The Democratic nominating contest has been framed many ways this cycle—it began as Clinton vs. Anybody But Clinton, moved on to stateswoman vs. socialist, and now is often (over)simplified as a matchup between a pragmatist and an idealist. The dichotomy that runs through them all, though, is this one: establishment insider vs. anti-establishment outsider.
Which is what made Hillary Clinton’s decision to run away from the “establishment” label during Thursday’s MSNBC debate so surprising—and, perhaps, so successful.
The moment came when Sen. Bernie Sanders fielded a question about his ability to be the standard-bearer of a party he’s arguably not even a part of and spun it into a strength. “Secretary Clinton does represent the establishment,” he said. “I represent, I hope, ordinary Americans who are not that enamored with the establishment.”
Hillary didn’t let the charge go unchallenged. “I’ve got to just jump in here,” she began, “because, honestly, Senator Sanders is the only person who would characterize me—a woman running to be the first woman president—as exemplifying the establishment.” This was a little disingenuous given that only moments before, Hillary had been touting her lengthy list of endorsements, but it was nonetheless a powerful point worth making.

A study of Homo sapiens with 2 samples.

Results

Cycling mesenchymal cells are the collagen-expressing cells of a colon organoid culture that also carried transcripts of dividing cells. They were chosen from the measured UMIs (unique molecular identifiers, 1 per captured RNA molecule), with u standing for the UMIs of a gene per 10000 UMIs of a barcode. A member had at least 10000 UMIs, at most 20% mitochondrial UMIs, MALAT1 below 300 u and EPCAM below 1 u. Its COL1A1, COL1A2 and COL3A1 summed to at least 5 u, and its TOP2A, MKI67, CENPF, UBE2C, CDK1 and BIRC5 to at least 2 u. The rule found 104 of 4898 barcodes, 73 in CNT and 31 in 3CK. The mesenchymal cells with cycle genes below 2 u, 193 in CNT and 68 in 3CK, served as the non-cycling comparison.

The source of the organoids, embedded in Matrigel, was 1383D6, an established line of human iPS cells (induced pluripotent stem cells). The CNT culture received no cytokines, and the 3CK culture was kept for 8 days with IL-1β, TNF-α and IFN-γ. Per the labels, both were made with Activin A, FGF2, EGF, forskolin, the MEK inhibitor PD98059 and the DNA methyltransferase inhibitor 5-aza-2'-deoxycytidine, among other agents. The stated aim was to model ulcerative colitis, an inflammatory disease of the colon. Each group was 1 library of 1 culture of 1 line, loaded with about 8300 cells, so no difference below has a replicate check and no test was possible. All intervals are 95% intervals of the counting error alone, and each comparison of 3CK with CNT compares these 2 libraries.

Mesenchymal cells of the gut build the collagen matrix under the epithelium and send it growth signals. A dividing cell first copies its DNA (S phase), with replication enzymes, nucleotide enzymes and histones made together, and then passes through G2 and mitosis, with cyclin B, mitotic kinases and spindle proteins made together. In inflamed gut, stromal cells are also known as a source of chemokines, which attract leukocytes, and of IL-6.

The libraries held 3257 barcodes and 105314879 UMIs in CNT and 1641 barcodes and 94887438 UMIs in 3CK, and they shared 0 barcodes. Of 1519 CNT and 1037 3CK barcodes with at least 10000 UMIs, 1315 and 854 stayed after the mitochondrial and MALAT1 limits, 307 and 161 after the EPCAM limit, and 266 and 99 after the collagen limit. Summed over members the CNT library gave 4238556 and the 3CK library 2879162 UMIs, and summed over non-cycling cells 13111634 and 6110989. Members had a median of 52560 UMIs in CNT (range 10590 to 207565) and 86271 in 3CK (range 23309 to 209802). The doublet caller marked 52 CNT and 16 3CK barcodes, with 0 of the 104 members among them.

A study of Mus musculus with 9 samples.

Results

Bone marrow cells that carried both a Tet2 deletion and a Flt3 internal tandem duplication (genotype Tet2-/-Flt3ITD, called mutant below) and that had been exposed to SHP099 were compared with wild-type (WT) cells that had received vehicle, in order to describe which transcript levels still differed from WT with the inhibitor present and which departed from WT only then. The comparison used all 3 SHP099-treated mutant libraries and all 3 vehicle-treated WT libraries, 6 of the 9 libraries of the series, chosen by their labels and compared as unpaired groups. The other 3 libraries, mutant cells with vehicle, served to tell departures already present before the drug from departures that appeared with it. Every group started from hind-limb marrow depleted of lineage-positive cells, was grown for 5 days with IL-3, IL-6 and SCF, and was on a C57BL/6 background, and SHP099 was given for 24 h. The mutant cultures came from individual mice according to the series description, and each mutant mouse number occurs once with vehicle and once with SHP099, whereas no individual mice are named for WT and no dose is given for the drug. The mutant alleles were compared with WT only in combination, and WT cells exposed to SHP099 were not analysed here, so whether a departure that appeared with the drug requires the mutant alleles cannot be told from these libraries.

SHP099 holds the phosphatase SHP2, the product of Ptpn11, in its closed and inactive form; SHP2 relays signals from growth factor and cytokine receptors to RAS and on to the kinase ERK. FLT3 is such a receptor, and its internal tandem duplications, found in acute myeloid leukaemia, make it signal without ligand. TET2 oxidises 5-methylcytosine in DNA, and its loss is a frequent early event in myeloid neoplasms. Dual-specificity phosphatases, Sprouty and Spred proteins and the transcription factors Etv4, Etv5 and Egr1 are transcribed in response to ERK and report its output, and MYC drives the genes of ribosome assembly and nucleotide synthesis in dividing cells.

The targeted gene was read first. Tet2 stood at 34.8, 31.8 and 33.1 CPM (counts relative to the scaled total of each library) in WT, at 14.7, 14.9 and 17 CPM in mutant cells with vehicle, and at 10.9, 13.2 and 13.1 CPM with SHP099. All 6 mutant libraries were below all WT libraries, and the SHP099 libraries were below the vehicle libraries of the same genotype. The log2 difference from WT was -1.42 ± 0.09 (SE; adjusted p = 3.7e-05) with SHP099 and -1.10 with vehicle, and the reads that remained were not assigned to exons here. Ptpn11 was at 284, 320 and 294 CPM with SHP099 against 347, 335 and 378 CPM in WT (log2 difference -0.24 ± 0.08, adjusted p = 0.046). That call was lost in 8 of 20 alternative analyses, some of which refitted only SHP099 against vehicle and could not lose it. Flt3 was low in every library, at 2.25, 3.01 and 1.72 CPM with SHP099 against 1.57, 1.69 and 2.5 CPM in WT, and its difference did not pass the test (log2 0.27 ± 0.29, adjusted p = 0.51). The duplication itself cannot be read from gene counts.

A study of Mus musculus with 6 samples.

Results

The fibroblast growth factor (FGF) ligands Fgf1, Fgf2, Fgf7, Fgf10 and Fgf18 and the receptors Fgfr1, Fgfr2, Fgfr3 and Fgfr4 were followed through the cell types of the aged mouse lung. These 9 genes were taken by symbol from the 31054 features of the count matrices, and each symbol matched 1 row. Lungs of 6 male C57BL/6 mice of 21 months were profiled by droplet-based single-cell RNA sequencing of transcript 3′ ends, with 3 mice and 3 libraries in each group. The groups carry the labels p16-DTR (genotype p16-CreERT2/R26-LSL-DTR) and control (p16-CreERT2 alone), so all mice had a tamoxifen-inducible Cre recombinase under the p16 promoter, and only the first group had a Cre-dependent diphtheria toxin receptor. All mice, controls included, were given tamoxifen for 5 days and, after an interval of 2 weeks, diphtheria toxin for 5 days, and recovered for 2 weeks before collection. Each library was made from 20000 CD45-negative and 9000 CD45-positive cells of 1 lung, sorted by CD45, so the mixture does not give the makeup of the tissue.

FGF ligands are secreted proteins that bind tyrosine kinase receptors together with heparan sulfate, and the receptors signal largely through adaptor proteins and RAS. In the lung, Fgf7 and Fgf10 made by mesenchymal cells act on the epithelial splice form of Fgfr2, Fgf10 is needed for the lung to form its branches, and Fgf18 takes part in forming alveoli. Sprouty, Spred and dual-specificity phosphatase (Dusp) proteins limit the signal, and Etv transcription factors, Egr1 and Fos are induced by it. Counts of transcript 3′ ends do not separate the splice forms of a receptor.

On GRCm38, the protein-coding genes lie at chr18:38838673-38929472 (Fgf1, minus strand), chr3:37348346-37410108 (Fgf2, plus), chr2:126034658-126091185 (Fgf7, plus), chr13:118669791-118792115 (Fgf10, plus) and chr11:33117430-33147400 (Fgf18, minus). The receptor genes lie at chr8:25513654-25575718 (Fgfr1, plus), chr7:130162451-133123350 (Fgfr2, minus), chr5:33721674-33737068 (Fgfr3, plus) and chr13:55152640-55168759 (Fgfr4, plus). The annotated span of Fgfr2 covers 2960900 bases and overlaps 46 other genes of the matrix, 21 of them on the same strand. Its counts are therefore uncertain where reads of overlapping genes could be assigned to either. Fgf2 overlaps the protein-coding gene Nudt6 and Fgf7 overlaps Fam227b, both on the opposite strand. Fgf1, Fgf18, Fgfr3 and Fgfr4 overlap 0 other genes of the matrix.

Yes, Clinton is the favorite of the Democratic establishment, regardless of how you want to define it. She has locked up the endorsements of more sitting senators, congressmen, and governors than any Democratic candidate in history had by this point in the race and enjoys a massive lead in the super-delegate race. She has the broad support of mainstream media outlets, including the backing of the Des Moines Register in Iowa, as well as the Boston Globe and the New York Times. (The Washington Post has chimed in with its own scathing takedown of Sanders.) And let’s not forget that the current chairwoman of the national party, Debbie Wasserman Schultz, was a high-profile Clinton surrogate in 2008 and has done pretty much everything she can to help Hillary in the 2016 cycle.
But Hillary’s larger point stands: Bernie may be calling for a political revolution—but electing a woman as president would also be a revolutionary act.